This Knee is a Royal Pain: Young Girl Reading

7:00 AM

Jean-Honoré Fragonard, Young Girl Reading, 1776
This Knee is a Royal Pain: Disney Princesses & Art
By SARAH XU

Greetings, loved ones. Let’s take a journey.

Disney princesses: idolized by youngsters, teenagers’ love life aspirations, adults’ worst nightmares. A never-ending nap? Talking furniture? A girl with hair long enough and strong enough to climb? A singing mermaid with red hair? A pretty maid who marries a prince? Where did Hans Christian Andersen, the Grimm brothers, and the other writers get these creative ideas? Let’s take a look at some possible inspirations. 

What is Belle’s favorite fast food restaurant? 
Taco Belle

A girl in a yellow dress reading? Does that ring a belle? What would one do when captured by a beast and is locked away in a mansion? Why, of course! Read! A yellow dress? Seems a little bit risky for a princess, but by 1991, all the other dress colors have been taken. If this girl in the painting can pull it off, why not give it a try? 

A Young Girl Reading is part of a series of young girls created by Fragonard called portraits de fantaisie (imaginary portraits) that changed the existing conventions of portraiture. First, Fragonard could finish an entire portrait in an hour. However, his portraits were all very similar. They consisted of half-length single figures on canvases of the same size. His stunning paintings changed the standards of portraiture.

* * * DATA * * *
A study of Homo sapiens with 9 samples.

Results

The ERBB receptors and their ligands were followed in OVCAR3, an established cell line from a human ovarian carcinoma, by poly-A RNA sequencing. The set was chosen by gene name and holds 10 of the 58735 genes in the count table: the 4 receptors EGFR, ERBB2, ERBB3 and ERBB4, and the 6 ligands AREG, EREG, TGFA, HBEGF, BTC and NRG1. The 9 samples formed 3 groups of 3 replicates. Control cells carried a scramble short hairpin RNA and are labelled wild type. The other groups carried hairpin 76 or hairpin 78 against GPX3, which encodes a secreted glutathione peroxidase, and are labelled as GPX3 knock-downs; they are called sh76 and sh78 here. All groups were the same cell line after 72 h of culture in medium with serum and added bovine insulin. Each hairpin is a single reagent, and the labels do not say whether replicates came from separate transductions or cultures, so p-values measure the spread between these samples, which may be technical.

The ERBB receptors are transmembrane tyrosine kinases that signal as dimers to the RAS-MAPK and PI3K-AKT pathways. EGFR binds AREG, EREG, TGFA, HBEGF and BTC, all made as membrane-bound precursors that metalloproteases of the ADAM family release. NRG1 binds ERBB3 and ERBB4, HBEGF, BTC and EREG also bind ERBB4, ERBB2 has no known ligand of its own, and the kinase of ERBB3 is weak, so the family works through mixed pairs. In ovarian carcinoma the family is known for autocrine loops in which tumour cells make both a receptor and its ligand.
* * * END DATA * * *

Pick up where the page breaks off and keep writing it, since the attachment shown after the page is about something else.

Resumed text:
Fragonard was most likely focusing more on creating a portrayal of everyday life instead of focusing on recreating the model. X-ray photographs show that the painting originally had a different face and the girl was facing the viewers, but it was later painted over. The girl’s identity in the painting is unknown, but she represents the lifestyle of the upper class in France. The unknown girl has a pinky sophisticatedly extended while reading a book. Simply reading a novel shows her status, as the upper class trend at that time was portable books. The horizontal line of the chair’s armrest and the vertical line that is between the two walls offer a feeling of space and structure.